Facebook Pixel

Treating Ductal Carcinoma In Situ

Rate This
treatment of ductal carcinoma in situ Stockbyte/Thinkstock

Ductal carcinoma in situ (DCIS) is a type of breast cancer involving the milk ducts of your breasts. The cancer cells are only found within the ducts and have not spread to other areas of the breast or anywhere else in your body.

It is a type of breast cancer that occurs in 1 in 5 cases of breast cancer.

Each year, 60,000 American women are diagnosed with DCIS, according to the American Cancer Society. In the U.K., Cancer Research UK said that around 4,560 women are diagnosed. (1, 2)

It is the most common form of non-invasive breast cancer. Non-invasive means it hasn’t spread.

Ductal carcinoma in situ is a very early type of cancer and in fact, it doesn’t always spread and it isn’t life threatening. It just means that if you don’t have it treated, you have a higher risk of getting invasive breast cancer in the future.

What are the Symptoms?

There are usually no symptoms. Occasionally a woman may have discharge from her nipples. This early cancer is normally only detected due to the use of mammograms.


The main treatment is surgery. The cancerous material is removed while conserving the rest of the breast, via lumpectomy. Occasionally a mastectomy (removal of the breast) will be done at the woman’s request if she is worried about getting invasive breast cancer.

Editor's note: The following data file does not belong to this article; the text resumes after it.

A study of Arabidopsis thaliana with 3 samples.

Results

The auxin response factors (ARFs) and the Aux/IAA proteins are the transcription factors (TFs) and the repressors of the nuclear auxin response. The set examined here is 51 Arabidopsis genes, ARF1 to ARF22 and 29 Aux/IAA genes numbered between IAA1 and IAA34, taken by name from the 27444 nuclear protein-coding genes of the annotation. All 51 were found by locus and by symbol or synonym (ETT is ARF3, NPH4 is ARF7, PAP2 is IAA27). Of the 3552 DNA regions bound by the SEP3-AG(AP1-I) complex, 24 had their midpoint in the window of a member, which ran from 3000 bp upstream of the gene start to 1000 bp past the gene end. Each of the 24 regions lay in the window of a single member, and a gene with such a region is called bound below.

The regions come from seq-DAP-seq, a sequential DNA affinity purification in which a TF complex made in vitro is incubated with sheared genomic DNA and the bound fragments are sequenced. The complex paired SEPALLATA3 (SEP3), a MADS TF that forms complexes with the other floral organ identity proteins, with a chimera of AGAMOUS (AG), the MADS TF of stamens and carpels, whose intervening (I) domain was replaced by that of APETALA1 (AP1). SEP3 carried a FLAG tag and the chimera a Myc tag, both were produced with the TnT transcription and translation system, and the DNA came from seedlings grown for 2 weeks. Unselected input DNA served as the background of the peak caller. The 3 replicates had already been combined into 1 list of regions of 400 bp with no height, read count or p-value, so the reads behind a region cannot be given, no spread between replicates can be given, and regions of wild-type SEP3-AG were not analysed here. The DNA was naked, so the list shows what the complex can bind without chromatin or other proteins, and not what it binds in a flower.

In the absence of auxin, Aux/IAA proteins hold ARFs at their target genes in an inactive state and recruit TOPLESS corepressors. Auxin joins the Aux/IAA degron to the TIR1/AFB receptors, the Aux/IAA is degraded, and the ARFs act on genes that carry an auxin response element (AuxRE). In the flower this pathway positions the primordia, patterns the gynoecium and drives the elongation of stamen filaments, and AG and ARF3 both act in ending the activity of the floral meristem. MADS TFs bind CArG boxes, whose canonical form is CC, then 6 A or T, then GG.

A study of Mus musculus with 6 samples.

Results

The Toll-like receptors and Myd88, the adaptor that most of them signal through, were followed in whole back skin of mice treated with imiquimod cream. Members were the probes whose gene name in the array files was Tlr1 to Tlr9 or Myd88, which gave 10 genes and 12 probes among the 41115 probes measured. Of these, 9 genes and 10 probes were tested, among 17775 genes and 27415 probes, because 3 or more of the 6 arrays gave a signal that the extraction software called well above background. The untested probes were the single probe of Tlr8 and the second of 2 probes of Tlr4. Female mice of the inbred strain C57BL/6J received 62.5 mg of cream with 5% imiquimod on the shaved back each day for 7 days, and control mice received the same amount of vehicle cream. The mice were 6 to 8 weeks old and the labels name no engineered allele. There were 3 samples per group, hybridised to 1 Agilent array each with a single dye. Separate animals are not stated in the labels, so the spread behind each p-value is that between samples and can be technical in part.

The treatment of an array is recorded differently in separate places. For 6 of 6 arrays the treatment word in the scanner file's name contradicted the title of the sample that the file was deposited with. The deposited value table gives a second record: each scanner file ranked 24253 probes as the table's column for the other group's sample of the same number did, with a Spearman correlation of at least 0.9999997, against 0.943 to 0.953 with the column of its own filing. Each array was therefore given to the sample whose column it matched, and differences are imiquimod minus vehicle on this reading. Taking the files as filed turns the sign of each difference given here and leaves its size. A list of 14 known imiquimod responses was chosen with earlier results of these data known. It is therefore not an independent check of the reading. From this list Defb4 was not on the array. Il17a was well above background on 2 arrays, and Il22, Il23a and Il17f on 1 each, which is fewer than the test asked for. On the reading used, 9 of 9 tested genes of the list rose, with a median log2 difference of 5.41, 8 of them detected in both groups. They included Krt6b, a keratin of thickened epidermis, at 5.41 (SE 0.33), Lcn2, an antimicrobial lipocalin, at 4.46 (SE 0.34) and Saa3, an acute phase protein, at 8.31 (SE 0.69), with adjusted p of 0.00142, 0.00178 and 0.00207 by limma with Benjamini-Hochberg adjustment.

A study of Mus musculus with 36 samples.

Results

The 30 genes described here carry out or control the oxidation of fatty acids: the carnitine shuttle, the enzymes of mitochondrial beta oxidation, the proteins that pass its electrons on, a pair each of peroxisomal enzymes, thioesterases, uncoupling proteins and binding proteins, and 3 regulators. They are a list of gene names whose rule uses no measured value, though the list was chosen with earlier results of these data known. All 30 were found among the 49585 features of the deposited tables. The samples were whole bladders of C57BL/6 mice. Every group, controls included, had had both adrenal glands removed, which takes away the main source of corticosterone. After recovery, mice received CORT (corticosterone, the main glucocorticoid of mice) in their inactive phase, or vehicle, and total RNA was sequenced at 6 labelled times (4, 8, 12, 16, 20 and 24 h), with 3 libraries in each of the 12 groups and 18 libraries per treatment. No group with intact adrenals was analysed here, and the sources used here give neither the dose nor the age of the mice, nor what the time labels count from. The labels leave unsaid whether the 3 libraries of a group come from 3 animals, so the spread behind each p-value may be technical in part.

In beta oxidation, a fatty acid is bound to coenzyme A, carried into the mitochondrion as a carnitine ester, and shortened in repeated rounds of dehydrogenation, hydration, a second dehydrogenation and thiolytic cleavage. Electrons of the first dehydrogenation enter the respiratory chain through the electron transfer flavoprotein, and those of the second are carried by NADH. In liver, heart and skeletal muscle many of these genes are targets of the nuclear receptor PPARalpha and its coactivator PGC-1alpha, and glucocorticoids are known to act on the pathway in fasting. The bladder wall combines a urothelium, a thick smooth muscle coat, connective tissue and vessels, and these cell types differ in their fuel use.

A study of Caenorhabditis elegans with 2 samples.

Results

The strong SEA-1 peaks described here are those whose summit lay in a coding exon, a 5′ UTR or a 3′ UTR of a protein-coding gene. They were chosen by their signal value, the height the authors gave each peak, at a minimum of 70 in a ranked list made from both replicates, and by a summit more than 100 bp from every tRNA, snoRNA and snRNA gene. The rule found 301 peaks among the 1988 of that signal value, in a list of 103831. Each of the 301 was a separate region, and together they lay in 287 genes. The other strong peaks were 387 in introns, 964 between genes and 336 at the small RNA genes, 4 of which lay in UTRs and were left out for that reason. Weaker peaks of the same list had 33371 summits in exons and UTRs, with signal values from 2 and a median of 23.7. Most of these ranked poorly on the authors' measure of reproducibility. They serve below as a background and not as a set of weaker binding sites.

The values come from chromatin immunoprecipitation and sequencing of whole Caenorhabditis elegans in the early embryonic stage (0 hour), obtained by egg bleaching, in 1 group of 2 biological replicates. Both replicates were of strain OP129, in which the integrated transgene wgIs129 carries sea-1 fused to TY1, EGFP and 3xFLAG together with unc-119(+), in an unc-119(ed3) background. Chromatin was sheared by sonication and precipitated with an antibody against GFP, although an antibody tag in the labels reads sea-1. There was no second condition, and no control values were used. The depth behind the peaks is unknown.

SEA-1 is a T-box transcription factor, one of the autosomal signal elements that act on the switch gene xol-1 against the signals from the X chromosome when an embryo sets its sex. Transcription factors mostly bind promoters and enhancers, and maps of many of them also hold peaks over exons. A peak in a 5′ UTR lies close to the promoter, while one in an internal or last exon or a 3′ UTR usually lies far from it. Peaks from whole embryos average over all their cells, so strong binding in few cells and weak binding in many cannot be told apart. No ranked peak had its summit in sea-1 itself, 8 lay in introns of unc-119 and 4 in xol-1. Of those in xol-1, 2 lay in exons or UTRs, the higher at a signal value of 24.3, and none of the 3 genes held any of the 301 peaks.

It may also be done if there are several ducts affected, if DCIS has occurred more than once or if the woman has small breasts, making removal of the cancer and surrounding tissue more difficult. Sometimes surgery is all the treatment that is needed.

You may be offered radiotherapy (radiation treatment) to ensure that any remaining cancer cells are killed. Women who chose this option have a 15 percent chance of a recurrence of DCIS.

If you choose not to have radiotherapy your risk of a reoccurrence is between 25-30 percent. (2)

However, BreastCancerOrg. said that half of the recurrences are DCIS again (not invasive and not life-threatening) and the other half are a more invasive type of breast cancer. (2)

Some oncologists may offer you the drug tamoxifen, although the medical evidence for its benefit is questionable after radiotherapy.

Add a CommentComments

There are no comments yet. Be the first one and get the conversation started!

Enter the characters shown in the image.
By submitting this form, you agree to EmpowHER's terms of service and privacy policy

We value and respect our HERWriters' experiences, but everyone is different. Many of our writers are speaking from personal experience, and what's worked for them may not work for you. Their articles are not a substitute for medical advice, although we hope you can gain knowledge from their insight.

Breast Cancer

Get Email Updates

Related Checklists

Breast Cancer Guide


Have a question? We're here to help. Ask the Community.


Health Newsletter

Receive the latest and greatest in women's health and wellness from EmpowHER - for free!